If we were all the same, the world would be a pretty boring place. Our differences are what make us beautiful, special, and interesting. This is true. So true. But...
You’ve heard all this before. It sounds clichéd. And it's certainly nothing new.
What we don’t hear as often is that we need differences in our world - different people in our lives - to challenge us. A world in which we’re all the same, a life in which everyone we meet or love or experience is exactly like us holds no challenge. Everything would be middle ground. No happy, no sad, no gamut of emotions. There would be nothing for which to fight, for which to strive, for which to celebrate. Without challenges, there would be no satisfaction.
Without differences, there would be no challenges.
Many of us are able to recognize the beauty in differences, able to understand that letting go of stigmas or prejudices are vital to a better existence. We can see THAT piece of why differences are important. We like to promote it.
The piece that is more difficult to remember is the one concerning judgment.
It feels great and freeing and hopeful and right to say that people who are different make our world interesting. That people who are different make our world special, real. We like to remember that everyone deserves love and acceptance. But we shouldn’t pick and choose which form of “different” we will embrace. There are two sides to every coin. Everyone has a tale. In our every day lives of embracing the beauty in difference, there are times we remain judgmental. We automatically eschew our “acceptance of all” attitude without even realizing it.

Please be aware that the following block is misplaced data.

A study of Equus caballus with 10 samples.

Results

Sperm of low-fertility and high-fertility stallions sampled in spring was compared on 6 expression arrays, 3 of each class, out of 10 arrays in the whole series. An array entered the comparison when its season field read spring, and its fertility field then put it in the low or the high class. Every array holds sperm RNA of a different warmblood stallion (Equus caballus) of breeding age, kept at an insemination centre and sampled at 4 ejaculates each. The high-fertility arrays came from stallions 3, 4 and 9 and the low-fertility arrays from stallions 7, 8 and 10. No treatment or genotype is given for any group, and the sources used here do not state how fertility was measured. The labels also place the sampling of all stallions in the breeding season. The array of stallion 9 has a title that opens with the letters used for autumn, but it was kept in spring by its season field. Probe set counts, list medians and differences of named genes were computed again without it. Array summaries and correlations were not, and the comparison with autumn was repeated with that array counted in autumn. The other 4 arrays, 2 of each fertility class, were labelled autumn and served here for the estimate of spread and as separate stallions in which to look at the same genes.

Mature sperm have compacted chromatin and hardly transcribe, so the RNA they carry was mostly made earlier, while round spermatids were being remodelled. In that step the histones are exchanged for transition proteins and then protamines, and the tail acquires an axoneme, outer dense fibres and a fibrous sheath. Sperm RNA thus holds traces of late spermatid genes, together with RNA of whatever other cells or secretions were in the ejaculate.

We want to live our lives filled with acceptance for those who are different from us – in age, in occupation, sexual orientation, socioeconomic status, diagnosis, appearance, etc. So don’t miss the big picture by forgetting about the little things.
So when someone walks by in an outfit you would never EVER wear, don’t think a snide remark to yourself. Remember that person is DIFFERENT.
When your co-worker walks in wearing really expensive clothes or shoes, don’t gossip about how she can or can't afford it. Remember that person is DIFFERENT.
When you see a young teenager pregnant at the mall, don’t shake your head in disgust. Remember that person is DIFFERENT.
When someone wears something you would never wear, owns something you would never own, or does something you would never do, don’t be judgmental – whether it’s aloud or just to yourself. YOU don’t have to wear it...or own it...or do it. And they’re just different. There are two sides to every coin. Everyone has a tale. And if you knew their story or what’s in their heart, you might be able to understand a little bit better than you can in that millisecond when the inevitable judgment kicks in.
Some people can be a challenge. But that is part of the beauty of difference. Without difference, there would be no way to make a distinction between ourselves and everyone else. No way to see our own identities.
And so - when you see that person in the mirror staring back at you, don’t think of something negative or mean or degrading. Don’t be judgmental. Remember – that person is DIFFERENT.